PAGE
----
Super Easy WP Admin Customization Techniques You’ll Like Trying for Sure

Super Easy WP Admin Customization Techniques You'll Like Trying for Sure

Super Easy WP Admin Customization Techniques You'll Like Trying for Sure

Whether you’re just getting started with WordPress or have been running a web portal with the default functionality for a while, there are times when you’re in a dire need for customizing your WordPress site in your own unique way.

One of the finest areas to start with this is the WordPress admin area or the site’s backend. The best thing about WordPress is that each component of its backend can be conveniently customized with the help of simple PHP functions.

In this post, I’ll walk you through extremely simple techniques for customizing the WordPress admin area for improving the accessibility, usability and branding of WordPress enriched website.

Change the default WordPress Login URL

Unlike the default WordPress login URL i.e. /wp-admin or /wp-login.php, you can easily tweak the WordPress admin login URL to something which is more memorable. For this, you’ll have to manipulate the .htaccess file which is hidden in the root of WordPress installation.

So, to start with, just check the SFTP/FTP client preferences to unleash the hidden files. After this, check the existence of the .htaccess file and if you can’t find one, create it using your preferable notepad. Just use the Notepad++ software on Windows and add the below line to it:


RewriteRule ^login$ http://yoursitename.com/wp-login.php [NC,L]

After this, replace the keyword ‘login’ with your preferred keyword and the website’s URL as shown in below screenshot:

Super Easy WP Admin Customization Techniques You'll Like Trying for Sure

Finally, open your preferred browser and go to http://yoursitename.com/login which will redirect you to WordPress login page.

Disable standard WordPress admin widgets

By default, WordPress contains 12 standard widgets like: Calendar(WP_Widget_Calendar), Recent Comments(WP_Widget_Recent_Comments), RSS(WP_Widget_RSS) etc. While some of the widgets will seem to be quite interesting for the admin user, others might simply turn them off.

Hence, you can easily opt for disabling the widgets which are not required for your WordPress installation. For this, you can use the widget_init action and name the function as remove_some_wp_widgets. The complete code snippet associated with this is displayed below:


function remove_some_wp_widgets(){
  unregister_widget('WP_Widget_Archives');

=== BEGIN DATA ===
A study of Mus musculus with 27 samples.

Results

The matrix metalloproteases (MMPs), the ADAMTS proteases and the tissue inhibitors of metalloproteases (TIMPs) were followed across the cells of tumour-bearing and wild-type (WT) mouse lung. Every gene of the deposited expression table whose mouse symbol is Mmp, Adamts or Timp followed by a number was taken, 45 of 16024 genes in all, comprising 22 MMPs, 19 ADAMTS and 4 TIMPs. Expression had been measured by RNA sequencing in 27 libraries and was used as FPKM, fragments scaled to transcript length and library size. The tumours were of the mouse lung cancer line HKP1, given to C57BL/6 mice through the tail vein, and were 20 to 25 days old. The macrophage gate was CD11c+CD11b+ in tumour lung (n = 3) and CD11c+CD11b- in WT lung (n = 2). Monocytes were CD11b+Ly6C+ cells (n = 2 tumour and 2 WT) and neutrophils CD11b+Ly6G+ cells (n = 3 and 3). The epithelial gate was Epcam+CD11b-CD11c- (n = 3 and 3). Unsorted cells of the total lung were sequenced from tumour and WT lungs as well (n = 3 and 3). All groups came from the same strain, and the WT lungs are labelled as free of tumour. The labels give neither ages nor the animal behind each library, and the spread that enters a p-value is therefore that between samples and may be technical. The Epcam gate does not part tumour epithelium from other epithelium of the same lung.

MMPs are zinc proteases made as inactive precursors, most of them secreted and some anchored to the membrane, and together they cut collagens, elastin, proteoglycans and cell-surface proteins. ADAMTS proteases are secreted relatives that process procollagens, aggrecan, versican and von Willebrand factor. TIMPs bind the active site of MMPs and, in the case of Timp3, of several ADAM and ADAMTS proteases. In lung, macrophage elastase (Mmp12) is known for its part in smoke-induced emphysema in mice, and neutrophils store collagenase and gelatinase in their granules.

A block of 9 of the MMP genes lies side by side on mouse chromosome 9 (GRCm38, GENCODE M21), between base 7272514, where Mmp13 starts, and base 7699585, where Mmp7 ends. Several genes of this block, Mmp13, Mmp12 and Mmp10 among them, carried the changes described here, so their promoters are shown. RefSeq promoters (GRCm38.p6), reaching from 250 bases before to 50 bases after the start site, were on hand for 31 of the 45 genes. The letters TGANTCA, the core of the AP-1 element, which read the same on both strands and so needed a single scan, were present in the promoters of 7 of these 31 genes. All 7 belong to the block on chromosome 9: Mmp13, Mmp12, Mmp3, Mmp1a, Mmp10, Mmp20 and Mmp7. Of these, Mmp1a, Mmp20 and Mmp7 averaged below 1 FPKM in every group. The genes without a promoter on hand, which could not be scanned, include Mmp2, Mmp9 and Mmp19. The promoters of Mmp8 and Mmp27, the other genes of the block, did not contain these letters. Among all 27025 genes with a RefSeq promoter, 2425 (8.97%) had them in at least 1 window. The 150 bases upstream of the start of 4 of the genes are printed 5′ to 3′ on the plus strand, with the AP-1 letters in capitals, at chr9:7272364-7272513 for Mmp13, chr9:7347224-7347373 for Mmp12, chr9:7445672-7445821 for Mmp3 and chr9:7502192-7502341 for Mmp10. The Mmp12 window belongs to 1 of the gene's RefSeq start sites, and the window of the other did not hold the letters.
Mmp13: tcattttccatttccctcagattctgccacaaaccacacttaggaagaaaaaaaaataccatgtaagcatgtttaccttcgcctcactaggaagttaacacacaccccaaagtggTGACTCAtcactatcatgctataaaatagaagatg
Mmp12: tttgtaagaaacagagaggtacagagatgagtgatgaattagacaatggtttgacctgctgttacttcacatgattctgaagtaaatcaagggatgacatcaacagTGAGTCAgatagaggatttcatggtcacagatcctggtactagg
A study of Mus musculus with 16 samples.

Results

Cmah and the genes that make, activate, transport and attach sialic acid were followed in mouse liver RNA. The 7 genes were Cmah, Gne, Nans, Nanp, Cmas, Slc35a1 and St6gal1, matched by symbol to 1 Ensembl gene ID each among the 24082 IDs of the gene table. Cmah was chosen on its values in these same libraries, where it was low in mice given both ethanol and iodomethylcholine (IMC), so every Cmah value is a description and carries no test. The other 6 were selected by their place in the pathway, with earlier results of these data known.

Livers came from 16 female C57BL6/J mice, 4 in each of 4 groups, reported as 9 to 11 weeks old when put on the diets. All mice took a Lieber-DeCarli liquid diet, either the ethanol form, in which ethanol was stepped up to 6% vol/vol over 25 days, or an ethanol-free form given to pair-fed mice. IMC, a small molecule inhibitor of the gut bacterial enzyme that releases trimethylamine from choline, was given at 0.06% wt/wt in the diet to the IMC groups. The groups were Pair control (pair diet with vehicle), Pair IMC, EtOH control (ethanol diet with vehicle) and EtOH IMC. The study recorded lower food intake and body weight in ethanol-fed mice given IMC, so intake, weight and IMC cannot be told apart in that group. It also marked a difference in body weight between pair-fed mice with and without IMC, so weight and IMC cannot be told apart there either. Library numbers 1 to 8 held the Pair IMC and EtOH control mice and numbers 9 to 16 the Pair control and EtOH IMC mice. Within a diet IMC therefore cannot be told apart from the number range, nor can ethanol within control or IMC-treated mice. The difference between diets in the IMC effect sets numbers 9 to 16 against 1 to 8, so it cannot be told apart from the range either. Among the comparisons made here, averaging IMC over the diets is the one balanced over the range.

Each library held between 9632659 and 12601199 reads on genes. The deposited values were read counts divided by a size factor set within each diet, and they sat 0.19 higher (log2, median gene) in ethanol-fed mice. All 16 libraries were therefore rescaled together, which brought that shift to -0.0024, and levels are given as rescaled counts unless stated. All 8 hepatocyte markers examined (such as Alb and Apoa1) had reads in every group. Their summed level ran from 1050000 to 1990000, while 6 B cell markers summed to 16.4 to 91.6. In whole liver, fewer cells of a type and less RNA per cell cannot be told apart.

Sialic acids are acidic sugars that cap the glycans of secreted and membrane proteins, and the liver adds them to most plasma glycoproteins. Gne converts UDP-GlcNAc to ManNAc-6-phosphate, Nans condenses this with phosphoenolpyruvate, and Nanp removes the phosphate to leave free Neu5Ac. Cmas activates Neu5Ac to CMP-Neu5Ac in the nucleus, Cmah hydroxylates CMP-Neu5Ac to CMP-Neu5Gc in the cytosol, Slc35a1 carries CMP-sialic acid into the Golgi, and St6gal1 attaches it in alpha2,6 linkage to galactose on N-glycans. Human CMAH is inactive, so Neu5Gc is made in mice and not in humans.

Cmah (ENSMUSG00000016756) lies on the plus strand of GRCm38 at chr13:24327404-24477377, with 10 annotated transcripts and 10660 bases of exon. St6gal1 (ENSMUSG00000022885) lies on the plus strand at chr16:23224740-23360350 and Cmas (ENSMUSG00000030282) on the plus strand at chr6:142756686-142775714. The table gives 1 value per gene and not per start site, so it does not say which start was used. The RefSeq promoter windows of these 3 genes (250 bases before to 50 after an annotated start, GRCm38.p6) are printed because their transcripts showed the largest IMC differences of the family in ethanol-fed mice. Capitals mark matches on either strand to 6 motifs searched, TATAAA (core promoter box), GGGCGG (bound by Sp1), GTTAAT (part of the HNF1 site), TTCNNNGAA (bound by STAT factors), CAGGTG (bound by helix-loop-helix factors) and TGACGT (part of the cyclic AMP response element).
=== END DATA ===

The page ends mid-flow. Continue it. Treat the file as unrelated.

unregister_widget('WP_Widget_RSS');
  unregister_widget('WP_Widget_Tag_Cloud');
}

add_action('widgets_init',remove_some_wp_widgets', 1);

Change the default external link of WordPress Login Page

On logging into WordPress, the default logos take you to WordPress.org website. You can easily change this default link to something that’s of your choice. For this, all you need to do is simply open the functions./php file and add the below lines of code to it:


// Use your own external URL logo link
function wpc_url_login(){
	return "http://yourwebsitename.com/"; // your URL here
}
add_filter('login_headerurl', 'wpc_url_login');

Once you’re done with adding the above code snippet to functions.php file, don’t forget to save it, followed by logging out to view the end result.

Change the logo for the WordPress admin area pages

As a simple trick to customize the WordPress admin area, you can go ahead with changing the logo for the login page as well as the one that’s displayed within the top left corner on different WordPress Admin area pages. Here is the code snippet which prints out the CSS which hooks into the logo’s div and has a unique ID of #header-logo within the admin pages. Also, there is a h1>- an element for the WordPress login page.


function wp_custom_logo() {
  echo '<style type="text/css">
    #header-logo { background-image: url('.get_bloginfo('template_directory').'/imgs/wp_admin_logo.png) !important; }
    </style>';
}

add_action('admin_head', 'wp_custom_logo');

function wp_login_logo() {
  echo '<style type="text/css">
    h1 a { background-image:url('.get_bloginfo('template_directory').'/imgs/wp_login_logo.png) !important; }
    </style>';
}

add_action('login_head', 'wp_login_logo');

In the above code snippet, for the URL property of style rules, you just need to feed in the image location for your custom logo. If the image that you want to use for the logo is available in the WordPress theme’s directory, then you can use get_bloginfor(‘ template_directory’) template tag for fetching the image’s relative path, followed by location of images directory.

Create a custom Admin Color Scheme

If you want to change your WordPress admin color scheme, all you need to do is simply create a new CSS stylesheet. For instance, I’ve created a new admin color scheme called wp_theme.css and placed it in the folder titled/css. That means, I’ll be editing the functions.php file by adding the below snippet to it:


// WP Admin color scheme
function wp_theme_css() {
	wp_enqueue_style( 'wp_theme_css', get_bloginfo('template_directory'). '/css/wp_theme.css' );
}
add_action('admin_print_styles', 'wp_theme_css' );

Here, do remember that the wp_theme.css file contains all styles which are compatible with WordPress.

That’s it for now!

Conclusion

Since the depth of WordPress is incredible, it’s time for you to dig deeper and explore multiple possibilities. Customizing the WordPress admin area is one such excellent step. Here’s hoping the above post would have allowed you to gather brilliant insights on customizing WordPress admin in your own unique way.

Author Biography:

With an ultimate and longer experience in the web development field, Samuel Dawson is working as Front End Developer in Designs2HTML Ltd, a renowned PSD to WordPress conversion service company.